Hypertension treatment may slow down Alzheimer’s progression

alzheimers disease

Studies have found that nilvadipine, which is the common drug that doctors use to treat hypertension, may help increase blood flow to the brain of people with Alzheimer’s disease.


Alzheimer’s disease remains the most common form of dementia. This disease is a progressive disorder that causes degeneration and, ultimately the death of brain cells.


People with dementia suffer cognitive decline and have problems performing everyday tasks and making a judgement.


Dementia affects many people worldwide. According to Alzheimer’s disease International, in 2017, the number of people with dementia was close to 50 million. The organization says, “This number could reach 75 million people by 2030 and will almost double every 20 years.”


In the US, Alzheimer’s disease is the sixth leading causes of death.


For several years, researchers have been looking for ways to slow the progression of dementia. Thankfully, they have found that the hypertension drug called nilvadipine may help people with Alzheimer’s disease increase cerebral blood flow. The result can be found in the journal Hypertension.


Can nilvadipine affect cerebral blood flow?

People often use nilvadipine to treat hypertension because it is a calcium channel blocker that leads to vascular relaxation and lower blood pressure. The latest study involved 44 participants with mild to moderate Alzheimer’s disease. The objective was to find out whether nilvadipine could help slow the disorder’s progression.


Dr Jurgen Claassen, Ph.D., associate professor at Radboud University Medical Center in Nijmegen, Netherlands and the lead author says, “Although there is no medical treatment without risk, getting treatment for high blood pressure could be vital to maintaining brain health in people with Alzheimer’s disease.”


The researchers gave nilvadipine or placebo randomly to the participants and asked them to continue treatment for six months. At the beginning of the study and after 6 months, researchers measured the blood flow to specific area of the participant’s brain, using a unique MRI method.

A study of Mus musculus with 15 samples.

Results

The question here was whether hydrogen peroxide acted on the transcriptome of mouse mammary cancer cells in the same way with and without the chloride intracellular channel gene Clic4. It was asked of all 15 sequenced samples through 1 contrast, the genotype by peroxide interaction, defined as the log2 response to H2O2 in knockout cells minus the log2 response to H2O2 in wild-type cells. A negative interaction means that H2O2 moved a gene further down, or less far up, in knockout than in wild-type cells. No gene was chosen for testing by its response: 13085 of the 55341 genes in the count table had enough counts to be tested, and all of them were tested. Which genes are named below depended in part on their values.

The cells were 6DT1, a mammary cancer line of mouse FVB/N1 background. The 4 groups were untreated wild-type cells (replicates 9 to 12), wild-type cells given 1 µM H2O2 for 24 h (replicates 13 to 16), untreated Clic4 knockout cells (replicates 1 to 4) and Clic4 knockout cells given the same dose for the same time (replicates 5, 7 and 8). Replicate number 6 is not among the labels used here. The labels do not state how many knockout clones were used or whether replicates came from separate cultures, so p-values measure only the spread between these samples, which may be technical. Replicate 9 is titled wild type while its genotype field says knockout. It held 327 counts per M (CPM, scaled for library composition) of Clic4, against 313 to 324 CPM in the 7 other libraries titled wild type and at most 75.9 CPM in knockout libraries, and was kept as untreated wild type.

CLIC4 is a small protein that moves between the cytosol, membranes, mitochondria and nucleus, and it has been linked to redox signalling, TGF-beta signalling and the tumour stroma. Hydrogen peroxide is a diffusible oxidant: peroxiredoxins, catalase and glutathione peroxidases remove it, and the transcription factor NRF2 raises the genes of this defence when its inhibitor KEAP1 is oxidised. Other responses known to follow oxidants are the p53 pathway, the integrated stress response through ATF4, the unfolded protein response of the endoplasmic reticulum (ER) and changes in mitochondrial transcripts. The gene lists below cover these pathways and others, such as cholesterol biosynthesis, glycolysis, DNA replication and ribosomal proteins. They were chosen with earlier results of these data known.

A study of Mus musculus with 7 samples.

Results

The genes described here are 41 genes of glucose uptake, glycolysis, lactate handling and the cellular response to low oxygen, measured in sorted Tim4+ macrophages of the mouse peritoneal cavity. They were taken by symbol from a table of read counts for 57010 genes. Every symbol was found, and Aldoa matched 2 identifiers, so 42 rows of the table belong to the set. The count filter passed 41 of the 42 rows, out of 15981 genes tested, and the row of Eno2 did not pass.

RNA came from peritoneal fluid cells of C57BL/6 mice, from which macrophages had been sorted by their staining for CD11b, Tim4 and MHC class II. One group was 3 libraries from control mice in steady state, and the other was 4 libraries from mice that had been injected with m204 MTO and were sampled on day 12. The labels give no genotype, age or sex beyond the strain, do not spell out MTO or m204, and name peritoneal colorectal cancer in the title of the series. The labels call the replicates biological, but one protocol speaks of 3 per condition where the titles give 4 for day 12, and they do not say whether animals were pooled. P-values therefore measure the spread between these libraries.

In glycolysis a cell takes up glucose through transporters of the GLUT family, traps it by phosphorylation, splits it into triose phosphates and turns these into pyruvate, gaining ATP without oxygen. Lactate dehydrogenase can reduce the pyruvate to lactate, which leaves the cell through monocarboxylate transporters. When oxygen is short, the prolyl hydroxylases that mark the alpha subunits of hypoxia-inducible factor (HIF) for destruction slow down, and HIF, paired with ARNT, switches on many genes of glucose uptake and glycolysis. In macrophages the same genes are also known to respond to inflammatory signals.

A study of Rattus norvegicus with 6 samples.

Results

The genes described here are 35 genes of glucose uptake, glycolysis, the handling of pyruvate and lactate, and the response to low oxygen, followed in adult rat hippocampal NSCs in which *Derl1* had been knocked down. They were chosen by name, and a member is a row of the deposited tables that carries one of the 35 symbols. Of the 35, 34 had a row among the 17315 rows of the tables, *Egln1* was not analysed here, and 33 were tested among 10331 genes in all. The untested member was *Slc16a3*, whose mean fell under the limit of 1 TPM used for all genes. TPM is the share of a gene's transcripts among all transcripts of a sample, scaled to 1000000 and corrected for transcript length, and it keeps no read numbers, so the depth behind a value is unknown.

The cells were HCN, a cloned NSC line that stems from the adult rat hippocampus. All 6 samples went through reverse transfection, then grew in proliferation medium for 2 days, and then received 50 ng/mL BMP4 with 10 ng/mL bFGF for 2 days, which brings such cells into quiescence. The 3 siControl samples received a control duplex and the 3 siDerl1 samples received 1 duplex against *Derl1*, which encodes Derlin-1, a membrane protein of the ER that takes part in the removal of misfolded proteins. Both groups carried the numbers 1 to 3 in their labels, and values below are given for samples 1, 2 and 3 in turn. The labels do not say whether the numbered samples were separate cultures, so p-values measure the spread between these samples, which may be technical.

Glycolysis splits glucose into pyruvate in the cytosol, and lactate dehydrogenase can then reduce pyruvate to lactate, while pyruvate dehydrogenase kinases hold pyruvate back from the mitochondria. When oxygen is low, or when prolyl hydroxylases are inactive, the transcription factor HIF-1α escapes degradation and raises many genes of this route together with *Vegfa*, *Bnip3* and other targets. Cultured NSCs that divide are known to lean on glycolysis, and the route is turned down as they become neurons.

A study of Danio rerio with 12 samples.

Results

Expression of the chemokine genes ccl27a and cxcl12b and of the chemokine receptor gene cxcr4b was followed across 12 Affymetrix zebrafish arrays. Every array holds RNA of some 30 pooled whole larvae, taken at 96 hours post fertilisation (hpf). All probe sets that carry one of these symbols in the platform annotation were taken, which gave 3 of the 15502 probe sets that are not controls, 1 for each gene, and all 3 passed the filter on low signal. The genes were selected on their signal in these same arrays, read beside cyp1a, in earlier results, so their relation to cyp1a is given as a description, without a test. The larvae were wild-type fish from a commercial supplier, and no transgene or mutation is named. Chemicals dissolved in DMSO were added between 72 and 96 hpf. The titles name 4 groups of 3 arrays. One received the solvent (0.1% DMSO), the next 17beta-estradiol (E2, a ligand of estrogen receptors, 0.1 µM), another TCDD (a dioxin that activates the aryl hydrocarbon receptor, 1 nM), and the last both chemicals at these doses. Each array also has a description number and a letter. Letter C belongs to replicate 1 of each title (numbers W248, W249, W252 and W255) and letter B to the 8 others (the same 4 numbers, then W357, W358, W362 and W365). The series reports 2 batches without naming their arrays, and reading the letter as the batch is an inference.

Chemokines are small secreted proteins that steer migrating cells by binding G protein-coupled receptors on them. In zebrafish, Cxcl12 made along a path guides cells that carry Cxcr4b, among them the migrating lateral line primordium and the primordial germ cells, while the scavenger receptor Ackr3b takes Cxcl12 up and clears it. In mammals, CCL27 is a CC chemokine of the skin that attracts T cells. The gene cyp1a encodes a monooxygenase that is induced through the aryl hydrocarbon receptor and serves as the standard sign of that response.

The results of the findings showed that a 20 percent increase in blood flow to the hippocampus, the brain’s part linked to learning and memory, among the group who took nilvadipine compare to those who took placebo. The treatment didn’t have any effect on the blood flow to other parts of the brain.


Dr Claassen adds, “This high blood pressure treatment holds promise as it doesn’t appear to reduce blood flow to the brain, which could cause more damage than benefit.”


This research has paved the way for future research

In previous studies carried out by researchers between 2013 and 2015 in different parts of Europe, a team of researchers compared the nilvadipine and placebo effects among over than 500 people with mild o moderate Alzheimer’s disease.


The team didn’t record the effects on cerebral blood flow, so no benefits of nilvadipine as a treatment was recorded. However, a subgroup of participants with mild symptoms was found to experience a slower decline in memory.


There were only a few participants in the latest study, and the follow-up time was too short to study the impact of nilvadipine on blood flow to the brain’s area affected by Alzheimer’s disease properly. The participants were also of similar ethnicity and race.


The bottom line

Despite the small number of the participants, the latest study used an MRI technique that only a few researchers have used in the past to analyze the hypertension treatment’s effects on cerebral blood flow.


The researchers believe that using this advanced MRI technique in a bigger and more extensive study could be a great next step in research.